People around here should know that I am a fan of Tim Carney. I’ve touted his book — The Big Ripoff — many times and I think he’s the best guy out there on the anti-corporatism beat.
That said, I found his column pretty unpersuasive and a bit too heavy-handed. He likes Ron Paul — which is fine. He also worries that if Ron Paul wins the Iowa Caucus the Texan will be besieged with attacks from the mainstream media and the GOP “establishment.” He’s almost certainly right about that, too. Though he makes it sound more nefarious, as if other frontrunners haven’t been subjected to withering scrutiny (See Gingrich, Cain, Bachmann, Perry et al).
To bolster his point that Paul will come in for special treatment, he cites Buchanan in 1996. I’m perfectly willing to concede that Buchanan was subjected to some unfair and inaccurate distortions when it came to his views on Jews and the like. But Carney could have spared an extra sentence or two to acknowledge that some of the reports about Buchanan in this regard were neither unfair nor inaccurate.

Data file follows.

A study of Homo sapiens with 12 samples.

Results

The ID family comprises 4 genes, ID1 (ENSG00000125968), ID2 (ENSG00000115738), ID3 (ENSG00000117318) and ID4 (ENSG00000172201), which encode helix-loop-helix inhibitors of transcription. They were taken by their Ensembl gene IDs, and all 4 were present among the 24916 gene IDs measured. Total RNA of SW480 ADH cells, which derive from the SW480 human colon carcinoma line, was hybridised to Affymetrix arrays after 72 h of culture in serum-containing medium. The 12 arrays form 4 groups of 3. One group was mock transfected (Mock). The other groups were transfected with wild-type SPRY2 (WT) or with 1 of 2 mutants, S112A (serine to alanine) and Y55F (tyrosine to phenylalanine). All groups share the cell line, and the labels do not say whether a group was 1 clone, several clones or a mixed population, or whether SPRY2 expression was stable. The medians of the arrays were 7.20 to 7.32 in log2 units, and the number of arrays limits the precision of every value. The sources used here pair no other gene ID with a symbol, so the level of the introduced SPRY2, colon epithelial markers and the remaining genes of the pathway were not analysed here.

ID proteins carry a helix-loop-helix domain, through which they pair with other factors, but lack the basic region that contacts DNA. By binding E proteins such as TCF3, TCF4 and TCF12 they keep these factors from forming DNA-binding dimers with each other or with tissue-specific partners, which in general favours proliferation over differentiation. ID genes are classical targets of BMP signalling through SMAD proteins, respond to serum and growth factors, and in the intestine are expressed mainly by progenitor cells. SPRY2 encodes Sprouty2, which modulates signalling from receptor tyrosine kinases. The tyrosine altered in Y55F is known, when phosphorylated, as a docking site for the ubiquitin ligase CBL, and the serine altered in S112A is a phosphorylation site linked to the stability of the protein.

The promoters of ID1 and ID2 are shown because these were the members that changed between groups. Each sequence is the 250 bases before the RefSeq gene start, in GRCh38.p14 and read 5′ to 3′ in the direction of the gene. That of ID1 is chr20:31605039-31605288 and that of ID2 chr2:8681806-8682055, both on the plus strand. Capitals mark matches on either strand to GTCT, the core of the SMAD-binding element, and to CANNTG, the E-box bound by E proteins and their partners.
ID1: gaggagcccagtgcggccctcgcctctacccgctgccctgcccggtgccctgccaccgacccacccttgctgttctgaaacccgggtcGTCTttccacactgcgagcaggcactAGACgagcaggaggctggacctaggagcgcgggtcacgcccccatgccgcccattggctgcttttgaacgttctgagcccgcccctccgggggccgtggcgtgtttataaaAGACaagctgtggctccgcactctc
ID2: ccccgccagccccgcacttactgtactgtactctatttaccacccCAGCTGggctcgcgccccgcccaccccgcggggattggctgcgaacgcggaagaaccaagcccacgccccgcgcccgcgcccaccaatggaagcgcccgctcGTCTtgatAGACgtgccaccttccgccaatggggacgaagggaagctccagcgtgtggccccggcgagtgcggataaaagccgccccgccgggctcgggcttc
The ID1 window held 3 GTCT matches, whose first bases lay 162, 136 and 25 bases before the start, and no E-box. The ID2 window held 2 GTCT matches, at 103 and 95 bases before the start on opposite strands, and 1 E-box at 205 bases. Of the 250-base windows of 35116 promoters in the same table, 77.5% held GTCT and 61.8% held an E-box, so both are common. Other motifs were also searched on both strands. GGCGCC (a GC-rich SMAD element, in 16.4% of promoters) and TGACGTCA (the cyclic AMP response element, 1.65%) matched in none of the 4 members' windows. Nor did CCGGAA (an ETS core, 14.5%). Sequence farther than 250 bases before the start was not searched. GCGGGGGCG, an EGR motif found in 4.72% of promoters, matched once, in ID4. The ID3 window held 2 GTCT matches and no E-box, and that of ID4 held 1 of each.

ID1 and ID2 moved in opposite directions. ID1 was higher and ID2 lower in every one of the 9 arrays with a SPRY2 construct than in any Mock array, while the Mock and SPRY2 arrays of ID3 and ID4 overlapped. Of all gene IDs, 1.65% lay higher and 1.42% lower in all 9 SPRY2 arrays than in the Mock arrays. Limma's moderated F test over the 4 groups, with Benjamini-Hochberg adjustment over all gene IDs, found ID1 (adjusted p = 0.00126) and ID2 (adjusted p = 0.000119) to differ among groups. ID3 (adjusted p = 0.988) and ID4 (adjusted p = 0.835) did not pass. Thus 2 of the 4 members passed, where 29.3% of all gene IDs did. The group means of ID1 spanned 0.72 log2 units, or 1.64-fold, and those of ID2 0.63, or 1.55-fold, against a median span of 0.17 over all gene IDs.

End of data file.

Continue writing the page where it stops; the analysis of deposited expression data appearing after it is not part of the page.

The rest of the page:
In a similar vein, Carney on the one hand acknowledges Paul’s “indiscretions” but then attempts to preempt any discussion:
Paul’s indiscretions — such as abiding 9/11 conspiracy theorists and allowing racist material in a newsletter published under his name — will be blown up to paint a scary caricature. His belief in state’s rights and property rights will be distorted into support for Jim Crow and racism.
Many of Paul opponents will take heart in concluding that Paul cannot get more than 25 percent in any state, and so he can be dismissed as a spoiler. But for the enforcers of Republican orthodoxy, a Paul victory in Iowa will be an act of impudence that must be punished.
I like and support Paul’s positions on state’s rights and property rights. And I am willing to defend them. Meanwhile, Carney would do a better service to his preferred candidate if he could offer a reassuring defense of Paul’s “abiding” of 9/11 conspiracy theorists and allowing racists to write under his byline. Assuming there is a defense that reassures anyone who is not already converted to the cause.